OH, East is East and West is West, and never the twain shall meet,
Till Earth and Sky stand presently at God’s great Judgement Seat;
But there is neither East nor West, Border, nor Breed, nor Birth,
When two strong men stand face to face, tho’ they come from the ends of the earth!

          Brahmin boy was he, an un-conscripted one—he crossed the ocean, reneging the injunction. (Vivekananda had done the same and faced the ignominy of being denied access to his Guru’s mother, Kali). Ramanujan heard no one—his divine mother had deafened all noises. He crossed the ocean. Ramanujan from the East went to see the Western man, Hardy, the mathematician. Kipling had prophesied this, never to meet but they stood “face to face” coming “from the ends of earth.” And they clashed, as they met in Cambridge. Hardy saw in him what Satyakama saw in Upakosala of Chandogaya Upanishad—“My son your face shines like someone who knows Brahaman. Who has taught you?” “Beings other than men,” replied Ramanujan like Upakosala. And then Ramanujan mumbled:

ॐ सह नाववतु । Om, May God Protect us Both (the Teacher and the Student),
       
सह नौ भुनक्तु । May God Nourish us Both,
       
सह वीर्यं करवावहै । May we Work Together with Energy and Vigour,
       
तेजस्वि नावधीतमस्तु मा विद्विषावहै । May our Study be Enlightening and not give rise to Hostility,
       
ॐ शान्तिः शान्तिः शान्तिः ॥ Om, Peace, Peace, Peace. 

Hardy dismissed all this. He had an agenda—who are you? And how do you reach your numbers? More than number games, they epitomized distinct flows. Inspired Ramanujan, aspirational Hardy–one led by his mother divine and other with beads of sweat–one with no center and no limits and other sucking in all dimensions to a zero—one with infinite to finite numbers and other aspiring from zero to limitlessly limited accounting. While Hardy toiled to figure out, the numbers came trolling to Ramanujan. Skeptical of the privileged ones and being of dubious mind Hardy demanded proofs, Ramanujan demurred. While Hardy counted the trees, Ramanujan ate mangoes, Hardy didn’t like that. Being on the top, Ramanujan discarded ladders and Hardy needed one. Ramanujan always felt that he has to descend and Hardy to ascend—one to give and the other to take.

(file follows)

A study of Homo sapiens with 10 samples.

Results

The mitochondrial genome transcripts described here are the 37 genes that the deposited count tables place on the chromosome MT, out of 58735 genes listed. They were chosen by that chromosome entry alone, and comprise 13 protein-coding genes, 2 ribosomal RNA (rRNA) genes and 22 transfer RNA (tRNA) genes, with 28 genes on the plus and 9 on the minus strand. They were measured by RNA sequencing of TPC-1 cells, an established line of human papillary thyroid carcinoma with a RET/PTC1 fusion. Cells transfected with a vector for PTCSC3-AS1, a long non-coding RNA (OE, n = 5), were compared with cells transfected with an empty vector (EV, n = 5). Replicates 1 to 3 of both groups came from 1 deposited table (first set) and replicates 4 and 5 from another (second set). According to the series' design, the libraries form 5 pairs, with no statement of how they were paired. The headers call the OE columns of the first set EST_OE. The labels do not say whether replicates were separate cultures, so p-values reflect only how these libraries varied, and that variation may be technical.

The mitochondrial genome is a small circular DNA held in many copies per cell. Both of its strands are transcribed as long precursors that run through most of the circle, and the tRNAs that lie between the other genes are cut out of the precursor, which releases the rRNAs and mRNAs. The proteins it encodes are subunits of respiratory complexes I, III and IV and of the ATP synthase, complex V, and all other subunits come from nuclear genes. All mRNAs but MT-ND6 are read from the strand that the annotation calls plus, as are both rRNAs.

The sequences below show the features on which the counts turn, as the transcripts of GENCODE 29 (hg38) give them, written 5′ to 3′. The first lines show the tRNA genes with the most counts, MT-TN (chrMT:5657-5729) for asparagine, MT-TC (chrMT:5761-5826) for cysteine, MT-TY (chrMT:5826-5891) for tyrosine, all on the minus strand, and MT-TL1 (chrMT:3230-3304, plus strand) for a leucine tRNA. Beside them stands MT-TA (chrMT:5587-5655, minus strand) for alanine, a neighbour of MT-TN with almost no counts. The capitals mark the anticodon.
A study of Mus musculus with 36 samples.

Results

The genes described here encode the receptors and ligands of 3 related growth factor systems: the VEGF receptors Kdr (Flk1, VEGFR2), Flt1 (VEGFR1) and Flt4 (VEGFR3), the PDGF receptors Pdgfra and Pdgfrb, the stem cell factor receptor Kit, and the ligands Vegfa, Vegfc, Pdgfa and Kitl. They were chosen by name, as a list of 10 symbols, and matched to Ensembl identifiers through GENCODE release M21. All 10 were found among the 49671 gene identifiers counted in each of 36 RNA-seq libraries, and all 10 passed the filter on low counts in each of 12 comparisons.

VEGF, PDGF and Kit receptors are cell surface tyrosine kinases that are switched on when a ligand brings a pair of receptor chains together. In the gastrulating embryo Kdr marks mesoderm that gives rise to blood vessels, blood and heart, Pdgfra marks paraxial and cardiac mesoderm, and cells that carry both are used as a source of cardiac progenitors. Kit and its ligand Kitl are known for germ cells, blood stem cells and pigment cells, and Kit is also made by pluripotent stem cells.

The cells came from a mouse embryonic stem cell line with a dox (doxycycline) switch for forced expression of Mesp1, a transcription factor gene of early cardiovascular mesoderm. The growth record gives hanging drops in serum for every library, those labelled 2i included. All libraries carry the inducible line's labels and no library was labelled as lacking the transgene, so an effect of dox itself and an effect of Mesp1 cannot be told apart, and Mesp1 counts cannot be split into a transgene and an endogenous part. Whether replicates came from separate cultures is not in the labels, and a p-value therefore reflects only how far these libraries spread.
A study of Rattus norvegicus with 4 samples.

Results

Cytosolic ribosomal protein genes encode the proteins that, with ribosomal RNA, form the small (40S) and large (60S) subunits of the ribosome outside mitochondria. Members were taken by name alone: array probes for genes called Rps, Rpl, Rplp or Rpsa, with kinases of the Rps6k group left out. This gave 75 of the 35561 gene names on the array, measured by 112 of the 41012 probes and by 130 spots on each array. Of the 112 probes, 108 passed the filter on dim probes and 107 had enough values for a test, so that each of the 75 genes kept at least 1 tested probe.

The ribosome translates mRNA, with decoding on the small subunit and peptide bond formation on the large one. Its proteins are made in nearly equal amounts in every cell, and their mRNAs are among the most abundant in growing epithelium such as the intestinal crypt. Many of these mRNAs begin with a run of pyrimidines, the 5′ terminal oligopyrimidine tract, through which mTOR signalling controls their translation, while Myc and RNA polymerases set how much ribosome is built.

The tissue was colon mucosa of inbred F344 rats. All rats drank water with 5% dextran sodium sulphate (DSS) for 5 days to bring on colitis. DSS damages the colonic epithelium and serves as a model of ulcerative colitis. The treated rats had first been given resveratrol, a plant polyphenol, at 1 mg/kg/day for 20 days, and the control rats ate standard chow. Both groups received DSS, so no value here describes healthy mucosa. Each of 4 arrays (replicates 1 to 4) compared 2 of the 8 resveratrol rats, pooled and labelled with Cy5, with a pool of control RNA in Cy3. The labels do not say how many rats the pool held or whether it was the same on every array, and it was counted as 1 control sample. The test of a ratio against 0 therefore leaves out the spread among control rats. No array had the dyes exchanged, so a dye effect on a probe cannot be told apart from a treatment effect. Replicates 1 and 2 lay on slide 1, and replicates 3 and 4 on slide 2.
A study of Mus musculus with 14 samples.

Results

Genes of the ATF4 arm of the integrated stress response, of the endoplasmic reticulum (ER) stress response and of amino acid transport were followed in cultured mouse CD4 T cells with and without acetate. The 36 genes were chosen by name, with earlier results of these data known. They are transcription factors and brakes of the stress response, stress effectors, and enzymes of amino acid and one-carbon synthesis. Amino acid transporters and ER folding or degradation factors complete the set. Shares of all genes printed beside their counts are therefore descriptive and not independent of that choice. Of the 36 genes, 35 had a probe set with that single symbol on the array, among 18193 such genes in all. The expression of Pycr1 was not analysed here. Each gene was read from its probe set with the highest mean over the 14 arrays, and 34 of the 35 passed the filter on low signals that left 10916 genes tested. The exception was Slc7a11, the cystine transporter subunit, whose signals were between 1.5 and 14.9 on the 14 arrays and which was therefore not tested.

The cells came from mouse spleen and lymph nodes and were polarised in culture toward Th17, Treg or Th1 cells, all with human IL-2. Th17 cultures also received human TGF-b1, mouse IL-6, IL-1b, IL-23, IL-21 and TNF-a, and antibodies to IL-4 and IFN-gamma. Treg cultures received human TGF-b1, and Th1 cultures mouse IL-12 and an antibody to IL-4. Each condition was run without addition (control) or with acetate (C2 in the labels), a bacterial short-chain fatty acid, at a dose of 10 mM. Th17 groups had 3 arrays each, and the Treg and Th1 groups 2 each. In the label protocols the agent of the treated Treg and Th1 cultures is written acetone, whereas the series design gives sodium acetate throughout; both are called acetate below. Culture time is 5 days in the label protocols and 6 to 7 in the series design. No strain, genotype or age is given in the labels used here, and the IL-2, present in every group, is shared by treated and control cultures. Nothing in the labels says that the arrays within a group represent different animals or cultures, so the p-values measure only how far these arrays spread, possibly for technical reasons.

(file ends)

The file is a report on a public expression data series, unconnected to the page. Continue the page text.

Hardy demanded: Ramanujan, I need the proofs, your process, your methodology, your route—leave the result alone, but just tell me. 
Hardy, the mentor was admonished:   Hardy, you don’t know, you cannot wrap up the universe in numbers. You may roll the entire universe like a leather sheet, if you do not know the self, you have not gained a grain of knowledge.

Hardy insisted: For God sake, you would lose credibility, what is your source, share it with me!
Ramanujan reasoned: It is avyavahaaryam – I cannot explain it. It is what it says–‘That which cannot be spoken of,’ because words fail to explain what it is. There are no words for my source. There is no word by which it can be exactly described. It is beyond all words.

Hardy: But there must be signs, that you can recognize or tell!
Ramanujan: It is alakshanam – ‘without any distinctive marks.’ There are no colors or boundaries to it. Sense do not identify this source.

Hardy: But you can grasp it somehow, tell me what it is.
Ramanujan: It is agraahyam – ‘ungraspable.’ I cannot touch it.

Hardy desperate: For heaven sake, you can think about it and tell me what your process is!
Ramanujan: It is achintyam –’ unthinkable,’ it just does not fit into any thoughts. Hardy, it is avyavahaaryam, alakshanam, agraahyam, achintyam and you ask me with frustration to break down that infinity reached not with finite steps, but with infinity itself.

The ancient ones had seen it, the Cambridge Platform was not new, for he was a Vedic Brahmin: I saw the teacher sitting under a tree, he was a young man of sixteen and the disciple was an old man of eighty. The preaching of the teacher was silent and the doubts of the disciple departed.

Having come back to the shores he invoked her presence, the mother divine: 

Tiny ponds of this mundane existence canst contain the stream,
 Of my love,
Let me flow unto thee, O Mother Divine,
Where the soul shall rest in peace, where pain and death dare not approach
Beyond the confinement of finite, where dualism fades to be One,
With the divine utterance,
I am the blessed one! 

And his mother, the Maha-kali, the devourer of her devotees, took her son back on April 26, 1920.